Previous posts in this discussion:
PostPM May Resigns (John Heelan, UK, 05/24/19 7:42 am)
The Prime Minister has resigned after being stabbed in the back by those who promised to support her.
Had she had the steel of Maggie Thatcher, things might have worked out differently. There are many runners at the starting gate to replace her, ranging from the no-hopers to the bookies' favourite BoJo, the Bullington Club's favourite clown. He would be a disaster as PM, as his previous statements and Zippergate reputation will come back to haunt him. If Putin could blackmail Trump he would have a field day with BoJo. One certain thing is that as a floating voter (supporting different parties in the past), I would never vote for a BoJo-led goverment.
While we are discussing the failure of UK democracy, let me turn to the absence of democracy within the EU by looking at the following:
1. Given the d'Hondt formula favoured by the EU Commission, Germany gets 99 MEPs and France gets 77 MEPs.
2. Elected MEPs opt to join the voting blocs with ideologies ranging from the far-right to the far-left.
3. The presidents of the various EU institutions are voted in by the heads of government of EU Member states (using the specious excuse that those heads themselves had to be voted in locally).
4. No surprising the presidents like this formulation of electoral argument.
5. Then there is the principle of "qualified majority" voting the EU likes to adopt when necessary. (see https://www.consilium.europa.eu/en/council-eu/voting-system/ )
Democracy is a rarer bird in the EU than the United States.
JE comments: Democracy has seen better days in these United States, too. A question about MEP representation: shouldn't Germany, at 83 million population, have more MEPs than France, at 67 million? The 99-77 split is about the same proportion. Now the question of why you need this many expensive MEPs, and not, say, one-tenth, strikes me as valid.
John, are there any dark-horse candidates for PM you'd prefer over Boris Johnson? Jeremy Corbyn of course is waiting in the wings. He hopes for a general election and a miracle.
Thoughts on EU Parliamentary Elections: Europe at a Crossroads?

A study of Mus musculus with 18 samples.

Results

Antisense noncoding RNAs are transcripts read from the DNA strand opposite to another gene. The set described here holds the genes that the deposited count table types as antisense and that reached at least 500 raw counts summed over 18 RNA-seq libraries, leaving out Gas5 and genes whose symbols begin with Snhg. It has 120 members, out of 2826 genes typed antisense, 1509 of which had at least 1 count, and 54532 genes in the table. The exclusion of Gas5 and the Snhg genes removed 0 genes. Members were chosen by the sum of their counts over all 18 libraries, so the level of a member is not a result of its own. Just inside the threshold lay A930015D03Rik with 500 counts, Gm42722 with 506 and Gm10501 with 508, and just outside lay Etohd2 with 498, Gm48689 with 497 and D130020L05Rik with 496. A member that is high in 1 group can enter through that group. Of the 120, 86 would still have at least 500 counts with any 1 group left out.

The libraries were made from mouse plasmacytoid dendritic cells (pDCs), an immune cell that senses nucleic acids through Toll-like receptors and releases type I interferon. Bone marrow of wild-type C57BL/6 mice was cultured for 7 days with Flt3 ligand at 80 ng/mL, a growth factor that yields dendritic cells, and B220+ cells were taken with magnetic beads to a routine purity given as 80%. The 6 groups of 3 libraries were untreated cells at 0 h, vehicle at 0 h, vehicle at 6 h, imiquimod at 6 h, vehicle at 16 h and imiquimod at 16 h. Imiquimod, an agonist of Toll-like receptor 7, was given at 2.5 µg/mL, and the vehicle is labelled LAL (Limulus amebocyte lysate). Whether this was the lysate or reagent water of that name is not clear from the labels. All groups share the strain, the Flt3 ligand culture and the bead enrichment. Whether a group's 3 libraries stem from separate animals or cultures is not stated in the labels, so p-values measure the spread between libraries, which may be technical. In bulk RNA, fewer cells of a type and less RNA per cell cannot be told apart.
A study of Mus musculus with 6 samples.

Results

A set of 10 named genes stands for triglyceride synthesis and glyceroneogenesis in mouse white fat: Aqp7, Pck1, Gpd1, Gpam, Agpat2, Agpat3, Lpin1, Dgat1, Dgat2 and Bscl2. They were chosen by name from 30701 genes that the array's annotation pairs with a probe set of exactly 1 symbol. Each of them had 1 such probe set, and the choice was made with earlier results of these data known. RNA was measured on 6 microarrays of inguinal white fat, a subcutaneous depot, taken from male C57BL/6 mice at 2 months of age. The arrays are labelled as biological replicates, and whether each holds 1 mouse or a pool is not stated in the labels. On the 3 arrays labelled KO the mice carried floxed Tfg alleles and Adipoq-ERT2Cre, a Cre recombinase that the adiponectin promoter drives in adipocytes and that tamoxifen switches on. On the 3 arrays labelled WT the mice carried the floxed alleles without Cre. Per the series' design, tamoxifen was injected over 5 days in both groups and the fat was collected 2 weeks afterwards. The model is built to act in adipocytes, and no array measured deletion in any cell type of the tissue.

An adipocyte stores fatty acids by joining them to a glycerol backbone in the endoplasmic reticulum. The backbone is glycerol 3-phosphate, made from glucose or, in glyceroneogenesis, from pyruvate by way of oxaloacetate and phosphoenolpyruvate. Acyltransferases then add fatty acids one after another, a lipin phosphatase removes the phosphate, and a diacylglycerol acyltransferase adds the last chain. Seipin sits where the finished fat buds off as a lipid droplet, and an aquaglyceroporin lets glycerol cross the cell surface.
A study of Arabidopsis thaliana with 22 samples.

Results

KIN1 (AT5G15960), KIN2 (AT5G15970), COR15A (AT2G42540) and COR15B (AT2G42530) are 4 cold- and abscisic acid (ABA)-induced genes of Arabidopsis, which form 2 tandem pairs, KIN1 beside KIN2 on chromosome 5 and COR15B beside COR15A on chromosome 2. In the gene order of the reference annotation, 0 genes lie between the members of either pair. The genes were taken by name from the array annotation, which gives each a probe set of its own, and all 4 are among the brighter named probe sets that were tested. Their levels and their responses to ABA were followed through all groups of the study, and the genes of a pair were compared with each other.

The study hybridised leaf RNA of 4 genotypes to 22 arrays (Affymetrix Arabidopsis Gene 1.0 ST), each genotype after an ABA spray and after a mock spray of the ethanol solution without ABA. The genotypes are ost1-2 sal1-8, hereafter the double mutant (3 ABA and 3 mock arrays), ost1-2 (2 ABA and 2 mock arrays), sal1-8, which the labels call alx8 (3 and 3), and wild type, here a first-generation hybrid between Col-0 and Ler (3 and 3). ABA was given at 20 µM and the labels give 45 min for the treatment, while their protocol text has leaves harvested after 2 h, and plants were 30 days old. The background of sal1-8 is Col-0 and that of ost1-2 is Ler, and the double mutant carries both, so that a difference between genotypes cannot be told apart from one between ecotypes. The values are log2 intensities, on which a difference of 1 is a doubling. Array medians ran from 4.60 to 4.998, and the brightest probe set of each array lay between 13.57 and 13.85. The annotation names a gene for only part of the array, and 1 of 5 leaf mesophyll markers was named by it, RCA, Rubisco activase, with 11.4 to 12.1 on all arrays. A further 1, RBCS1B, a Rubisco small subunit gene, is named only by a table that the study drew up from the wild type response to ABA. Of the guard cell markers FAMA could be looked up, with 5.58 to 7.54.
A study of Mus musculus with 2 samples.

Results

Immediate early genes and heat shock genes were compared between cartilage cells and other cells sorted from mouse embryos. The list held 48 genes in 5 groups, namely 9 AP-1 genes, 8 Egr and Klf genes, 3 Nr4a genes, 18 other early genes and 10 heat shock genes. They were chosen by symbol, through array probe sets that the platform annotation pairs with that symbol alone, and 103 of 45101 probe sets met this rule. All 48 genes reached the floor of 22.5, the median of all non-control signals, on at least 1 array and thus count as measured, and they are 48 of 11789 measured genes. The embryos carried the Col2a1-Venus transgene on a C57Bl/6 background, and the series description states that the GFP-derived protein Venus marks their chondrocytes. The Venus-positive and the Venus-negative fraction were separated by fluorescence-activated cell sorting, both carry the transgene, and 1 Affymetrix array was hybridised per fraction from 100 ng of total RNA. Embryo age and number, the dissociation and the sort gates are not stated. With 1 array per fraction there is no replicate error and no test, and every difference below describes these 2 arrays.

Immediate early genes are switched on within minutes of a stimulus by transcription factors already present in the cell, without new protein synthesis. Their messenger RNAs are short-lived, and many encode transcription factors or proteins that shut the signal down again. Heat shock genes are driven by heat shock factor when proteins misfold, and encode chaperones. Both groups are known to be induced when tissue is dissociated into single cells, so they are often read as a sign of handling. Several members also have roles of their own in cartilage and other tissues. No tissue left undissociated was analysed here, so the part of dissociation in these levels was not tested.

(José Ignacio Soler, Venezuela
05/25/19 3:55 AM)
In his post of May 24th, John Heelan described what he considered the "absence of democracy within the EU," and he quotes several electoral aspects to support his view. I recall having discussed recurrently this issue with him and several other WAISers. As before, I disagree with John.
The EU is far from a perfect community of nations, but not for the reasons John mentions. Of course it all depends on what people understand a democracy to be. But democracy is not only having an independent, free and fair electoral system to allow popular representation, which indeed the EU has, but also having a solid set of common basic and respected laws, strong democratic independent institutions for ruling, managing and controlling these laws, allowing the existence of diverse ideologies, healthy responsible political parties, freedom of speech and expression, a sense of citizenship and good moral or general ethical and educational standards among the population.
It is my conclusion that a true modern democracy is not only based on the elementary idea of "the general voting power of the people." Voting can be manipulated to erode incipient democracies. True democracy is based on a good balance of the above elements and some less significant ones I have omitted here.
The real reasons behind being anti-EU are more caused by the lack of a sense of belonging or citizenship among Europeans, caused by exclusive nationalisms or populisms from the "right" or the "left." Xenophobia, as well as supremacist feelings and of course racism, are stronger reasons than a lack of democracy or economic discrepancies. Other arguments are ways of disguising them or vain attempts to use politically correct arguments.
As everybody should know, elections for the EU parliament are to be held tomorrow. Unfortunately the predictions are for the nationalist ideologies to gain majority representation. This will be a major threat for the existence as all as for the institutional strength of the EU.
JE comments: The EU and the UK will probably occupy our attention for the next several days. It wouldn't be an overstatement to call this discussion "Europe at a Crossroads."
José Ignacio Soler has posed this question before: are anti-EU complaints about a lack of democracy born primarily of xenophobia? This would be very hard to prove. Imagine this survey question: "Is your principled opposition to the EU really based on a dislike of foreigners?"